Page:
CriticalDance Forum

Arthur Pita's "Open Heart"
Post subject:  Arthur Pita

Cracker for Christmas
Ismene Brown for The Daily Telegraph reviews Nutcracker! and Arthur Pita Open Heart at Sadler's Wells and The Place.

....Arthur Pita, launched his own company with a promising double bill involving love in the Swiss Alps, a moose with waggly ears and 30 female drummers from Glasgow.

Post subject:  Re: Arthur Pita's "Open Heart"

Arthur Pita Open Heart

The Guardian
June 21, 2004

The seasons. Fertility. Decay. Renewal. With themes like these, CAMP could easily be toe-curlingly corny, but newcomer Arthur Pita, with only one shaky double-bill under his belt, has created a surprisingly powerful piece of dance theatre - although it takes a while to hit its stride.

Author:  Lyndsey Winship [ Fri Apr 29, 2005 5:48 am ]
Post subject:  Arthur Pita's 'Camp'

Arthur Pita’s 'Camp'
The Place

Arthur Pita’s 'Camp' is an intriguing, inventive piece of dance theatre, but ultimately a disappointing one. It begins with a novel concept – five dancers, four seasons, three tents and a gamut of possibilites – but while the antics of the performers keep us easily amused, it’s more difficult to really understand their motivations. What is the point of it all?

The 75-minutes of the show do skip by, which is always a plus, and the passing of time is marked onstage as spring turns to summer, then autumn and icy winter, aptly accompanied by snatches of Vivaldi’s Four Seasons and atmospheric projections by Luiz Marchetti. Our campers arrive and set up their tents. There’s some flirting, some messing around, some boys trying to do skateboard tricks using their flip flops and some weirdo in his y-fronts. But from this jolly start things begin to veer into stranger territory.

A stomping camp fire dance turns bacchanalian as clothes are ripped off and the dancers also shed some of their more civilised qualities. Pita makes good use of the stage and is imaginative with props. A tent, for example, becomes a woman’s voluminous skirt, and a length of rope goes from innocent scouting accessory to hunter’s snare. But the patchwork of scenes and ideas lacks the glue to make it into something bigger.

The underlying problem is that you can’t create real drama without depth of character and some connection with the audience. Pita has assembled an experienced cast, including Robin Dingemans (DV8, Mark Morris), Michael Pomero (Russell Maliphant), Ben Ash (Ricochet) plus two female dancers Rachel Lopez de la Nieta and Tiziana Fracchiolla (both choreographers in their own right) who are particularly strong, but they don’t always have enough to work with. Pivotal moments pass by, easily ignored.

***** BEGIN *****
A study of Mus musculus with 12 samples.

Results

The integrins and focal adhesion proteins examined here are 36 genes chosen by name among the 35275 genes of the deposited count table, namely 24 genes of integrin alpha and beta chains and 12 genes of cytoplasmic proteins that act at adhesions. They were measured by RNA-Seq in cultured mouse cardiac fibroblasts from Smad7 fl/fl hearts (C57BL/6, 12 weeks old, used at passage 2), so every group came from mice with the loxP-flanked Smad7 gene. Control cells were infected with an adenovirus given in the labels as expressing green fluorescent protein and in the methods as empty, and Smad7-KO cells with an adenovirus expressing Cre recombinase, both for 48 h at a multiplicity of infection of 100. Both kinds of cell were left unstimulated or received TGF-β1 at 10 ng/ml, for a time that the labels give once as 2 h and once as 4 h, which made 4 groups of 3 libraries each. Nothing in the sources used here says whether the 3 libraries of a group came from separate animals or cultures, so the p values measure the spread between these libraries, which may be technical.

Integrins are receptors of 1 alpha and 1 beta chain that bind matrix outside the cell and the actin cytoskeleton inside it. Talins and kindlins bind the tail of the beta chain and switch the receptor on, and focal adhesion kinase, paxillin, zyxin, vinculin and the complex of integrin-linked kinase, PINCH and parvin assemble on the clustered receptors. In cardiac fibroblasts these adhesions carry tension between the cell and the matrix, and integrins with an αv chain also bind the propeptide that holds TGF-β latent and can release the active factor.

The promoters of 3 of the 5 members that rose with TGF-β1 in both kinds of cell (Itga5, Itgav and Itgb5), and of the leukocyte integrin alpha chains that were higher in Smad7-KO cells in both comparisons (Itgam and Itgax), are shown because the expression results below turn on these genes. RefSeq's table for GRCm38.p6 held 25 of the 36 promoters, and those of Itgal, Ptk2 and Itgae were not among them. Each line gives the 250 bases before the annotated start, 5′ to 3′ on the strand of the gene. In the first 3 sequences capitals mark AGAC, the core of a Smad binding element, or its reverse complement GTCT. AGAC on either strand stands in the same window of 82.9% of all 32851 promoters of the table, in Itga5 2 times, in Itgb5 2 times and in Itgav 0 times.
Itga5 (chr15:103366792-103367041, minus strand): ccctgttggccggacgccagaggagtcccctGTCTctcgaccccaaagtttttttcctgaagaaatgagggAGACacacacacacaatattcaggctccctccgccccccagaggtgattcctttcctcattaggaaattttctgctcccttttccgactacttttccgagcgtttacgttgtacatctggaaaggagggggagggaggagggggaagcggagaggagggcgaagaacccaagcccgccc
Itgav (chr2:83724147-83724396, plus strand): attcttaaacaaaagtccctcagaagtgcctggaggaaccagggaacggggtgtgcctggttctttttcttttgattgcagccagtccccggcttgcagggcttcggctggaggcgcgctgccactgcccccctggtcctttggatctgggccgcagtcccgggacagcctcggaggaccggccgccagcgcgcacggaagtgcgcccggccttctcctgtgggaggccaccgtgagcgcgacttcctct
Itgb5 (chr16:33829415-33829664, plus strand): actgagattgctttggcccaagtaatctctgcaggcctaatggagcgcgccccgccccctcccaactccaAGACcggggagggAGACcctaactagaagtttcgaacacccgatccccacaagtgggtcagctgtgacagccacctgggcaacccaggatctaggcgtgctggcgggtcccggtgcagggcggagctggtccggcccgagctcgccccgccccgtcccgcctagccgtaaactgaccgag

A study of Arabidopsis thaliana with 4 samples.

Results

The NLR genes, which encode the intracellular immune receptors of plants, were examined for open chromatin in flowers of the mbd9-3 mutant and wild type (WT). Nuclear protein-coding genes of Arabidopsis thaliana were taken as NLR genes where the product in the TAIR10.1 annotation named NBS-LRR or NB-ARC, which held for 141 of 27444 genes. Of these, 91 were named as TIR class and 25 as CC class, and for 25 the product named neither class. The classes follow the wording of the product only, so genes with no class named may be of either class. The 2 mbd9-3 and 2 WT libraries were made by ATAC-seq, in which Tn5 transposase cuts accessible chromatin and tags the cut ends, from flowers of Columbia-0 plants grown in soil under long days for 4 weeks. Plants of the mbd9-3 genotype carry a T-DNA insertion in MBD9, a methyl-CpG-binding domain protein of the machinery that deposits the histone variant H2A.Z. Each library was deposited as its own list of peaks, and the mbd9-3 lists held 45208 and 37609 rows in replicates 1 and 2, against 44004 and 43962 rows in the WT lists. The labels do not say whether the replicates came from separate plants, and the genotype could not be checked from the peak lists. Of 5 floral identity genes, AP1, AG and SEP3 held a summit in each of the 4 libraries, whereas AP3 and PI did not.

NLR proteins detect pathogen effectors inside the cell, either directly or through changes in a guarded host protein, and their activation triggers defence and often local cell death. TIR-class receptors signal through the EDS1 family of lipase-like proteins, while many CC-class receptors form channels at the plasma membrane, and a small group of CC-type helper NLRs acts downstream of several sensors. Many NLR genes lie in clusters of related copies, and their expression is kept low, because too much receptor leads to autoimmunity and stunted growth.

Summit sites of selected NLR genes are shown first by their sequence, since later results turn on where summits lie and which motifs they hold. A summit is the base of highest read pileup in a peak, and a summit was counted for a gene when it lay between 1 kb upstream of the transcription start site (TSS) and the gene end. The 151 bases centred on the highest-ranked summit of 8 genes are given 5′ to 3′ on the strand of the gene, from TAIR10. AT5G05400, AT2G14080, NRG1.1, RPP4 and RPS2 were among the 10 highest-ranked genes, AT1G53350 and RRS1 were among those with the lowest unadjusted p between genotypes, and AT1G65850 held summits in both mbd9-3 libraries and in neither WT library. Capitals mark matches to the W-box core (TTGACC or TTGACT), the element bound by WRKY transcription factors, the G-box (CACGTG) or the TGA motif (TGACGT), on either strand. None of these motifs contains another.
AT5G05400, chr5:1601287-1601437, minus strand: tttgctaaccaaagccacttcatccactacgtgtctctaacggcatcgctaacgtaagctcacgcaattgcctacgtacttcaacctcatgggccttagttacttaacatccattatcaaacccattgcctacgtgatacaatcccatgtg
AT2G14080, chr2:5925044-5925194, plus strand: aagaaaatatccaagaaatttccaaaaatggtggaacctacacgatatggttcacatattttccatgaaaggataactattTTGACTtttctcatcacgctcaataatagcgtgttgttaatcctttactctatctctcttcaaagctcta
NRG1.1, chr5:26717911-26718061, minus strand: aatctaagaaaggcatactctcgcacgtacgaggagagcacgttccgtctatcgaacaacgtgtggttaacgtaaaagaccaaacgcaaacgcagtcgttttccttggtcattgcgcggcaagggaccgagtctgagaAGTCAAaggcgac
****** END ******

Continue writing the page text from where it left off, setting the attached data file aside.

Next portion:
The most engaging parts of the show are a series of simple male/female duets matching the seasons, which capture the essence of a scene, character and relationship. In spring, the pairing is naive, tender, cool and detached, by summer, steamy, fevered and tactile, and subsequently aggravated and blustery come autumn. As Camp’s more ambitious elements don’t always come off, this proves that the most straightforward scenes can often be the most successful. Sometimes it doesn’t pay to be too clever.

Author:  corrival [ Fri Apr 29, 2005 9:56 am ]
Post subject: 

Thank you Lyndsey Winship for your review. It sounds like a very interesting concept, I wonder if it will develop, as time goes by, into a more substantial piece. Did anyone else out there see this performance?

Author:  monkeysraincoat [ Fri Apr 29, 2005 11:59 am ]
Post subject: 

I saw it when it originally premiered in 2004. I thoroughly enjoyed it - thought it captured a rainbow of emotions and was very clever and unique. It was a truly enjoyable mix of theatre and dance and I would rate it high on the entertainment index.

By the way, two of the original cast, Jason Piper and Cody Choi are now on tour in Matthew Bourne's Swan Lake. Jason, in fact, dances the dual role of The Swan/Stranger.


Author:  Stuart Sweeney [ Sun May 01, 2005 3:41 am ]
Post subject: 

By Jann Parry for The Observer

Five characters in search of their true natures go camping in all weathers, accompanied by Nigel Kennedy's idiosyncratic account of Verdi's score.

The problem is that Pita, a former member of Matthew Bourne's Adventures in Motion Pictures, starts by promising a jokey narrative show that he does not intend to deliver.

Post subject: 

By Donald Hutera for The Times

MOST contemporary dance makers are lucky if their work plays one or two nights in a single venue. By that standard Arthur Pita is indeed fortunate. Camp, his first full-length show, opened at The Place last week. Unusually, its run at this Central London dance house continues through mid-May.

As a former member of Adventures in Motion Pictures, Pita performed in many of Matthew Bourne’s dance-based productions including The Car Man, Nutcracker! and Swan Lake. He has also choreographed the odd opera in the UK and abroad. Like Bourne, Pita’s approach to dance has pronounced theatrical leanings. These he couples with a visual sense that, even in a small-scale venue such as The Place, borders on the operatic.